By Julia Fitzpatrick
On Tuesday, 2 November, high-street chain WHSmith announced their BookCycle scheme, a buy-back initiative which invites customers to exchange unwanted books for credit to spend in-store or online. WHSmith has partnered with Zeercle, which provides resale services, to create the BookCycle scheme.
According to WHSmith’s website, each book’s voucher value has been determined based on “criteria such as its condition, the popularity of the title and its demand in the market.” For instance, a paperback edition of The Song of Achilles by Madeline Miller (Bloomsbury, 2017) is valued at £1.40, while Kazuo Ishiguro’s The Remains of the Day (Faber & Faber, 2010) fetches only 48p. Some titles are deemed ineligible for the scheme because their values are “too low on the second-hand book market or because we already have too many copies.”
The scheme, which was chosen as Retail Week magazine’s “Initiative of the Week”, aims to protect the environment and incentivise customers to read more without the extra cost. Ian Sanders, WHSmith's commercial development director, said, “it makes great sense for our customers and our business to support a circular economy for books, as we aim to minimise our impact on the environment and support our local communities.” The BookCycle contributes to an industry-wide conversation about the environmental damage that publishing causes through deforestation, packaging and air miles. The Publishers Association’s sustainability pledge, launched in 2021 as “Publishing Declares”, now has 162 signatories, including major publishing houses such as Penguin Random House UK.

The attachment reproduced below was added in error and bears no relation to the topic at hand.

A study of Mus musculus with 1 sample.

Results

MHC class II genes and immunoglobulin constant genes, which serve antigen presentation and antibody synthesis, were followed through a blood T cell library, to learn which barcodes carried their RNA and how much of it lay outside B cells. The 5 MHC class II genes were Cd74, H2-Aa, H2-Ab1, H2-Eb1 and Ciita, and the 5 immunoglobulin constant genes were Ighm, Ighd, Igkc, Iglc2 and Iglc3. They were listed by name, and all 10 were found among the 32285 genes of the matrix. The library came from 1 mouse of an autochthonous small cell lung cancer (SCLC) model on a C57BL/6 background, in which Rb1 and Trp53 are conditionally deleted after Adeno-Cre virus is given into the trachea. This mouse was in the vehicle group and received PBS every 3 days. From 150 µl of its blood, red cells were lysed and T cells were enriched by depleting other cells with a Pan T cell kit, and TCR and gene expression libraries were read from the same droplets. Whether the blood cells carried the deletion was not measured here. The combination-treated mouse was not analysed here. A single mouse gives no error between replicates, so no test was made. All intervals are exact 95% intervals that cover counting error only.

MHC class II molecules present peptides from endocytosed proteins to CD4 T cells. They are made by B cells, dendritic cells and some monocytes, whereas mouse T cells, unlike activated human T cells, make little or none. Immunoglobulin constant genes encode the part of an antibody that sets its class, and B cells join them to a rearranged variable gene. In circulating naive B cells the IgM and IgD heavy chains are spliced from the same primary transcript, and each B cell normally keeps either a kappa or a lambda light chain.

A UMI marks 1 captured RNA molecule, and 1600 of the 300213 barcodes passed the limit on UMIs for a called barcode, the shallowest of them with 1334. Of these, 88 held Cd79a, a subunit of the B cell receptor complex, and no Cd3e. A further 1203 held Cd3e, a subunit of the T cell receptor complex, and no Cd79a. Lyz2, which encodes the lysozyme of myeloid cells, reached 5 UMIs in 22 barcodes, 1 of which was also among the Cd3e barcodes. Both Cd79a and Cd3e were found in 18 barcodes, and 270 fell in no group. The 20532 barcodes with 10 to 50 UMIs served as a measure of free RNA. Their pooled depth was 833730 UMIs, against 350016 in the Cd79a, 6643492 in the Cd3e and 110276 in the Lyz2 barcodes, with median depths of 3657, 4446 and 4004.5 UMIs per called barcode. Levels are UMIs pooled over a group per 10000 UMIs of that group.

BookCycle has, however, been criticised by industry figures and environmental activists. Sussed in the Forest, a sustainability organisation, posted on X (previously Twitter) that “this sounds rather too good to be true with used books already flooding the market here.” Chris Edwards, the owner of the second-hand bookshop Skoob Books, told The Guardian that the scheme was essentially a “recycling service” launched to increase footfall in WHSmith stores because there is “no evidence to suggest there’s an increase in second-hand sales” of the commercially popular titles which BookCycle is likely to involve. Nicola Solomon, CEA of the Society of Authors, pointed out that as authors are not compensated for second-hand sales, “this initiative could be detrimental to author incomes.”
Head to the WHSmith website to learn more about the BookCycle scheme or to valuate a book.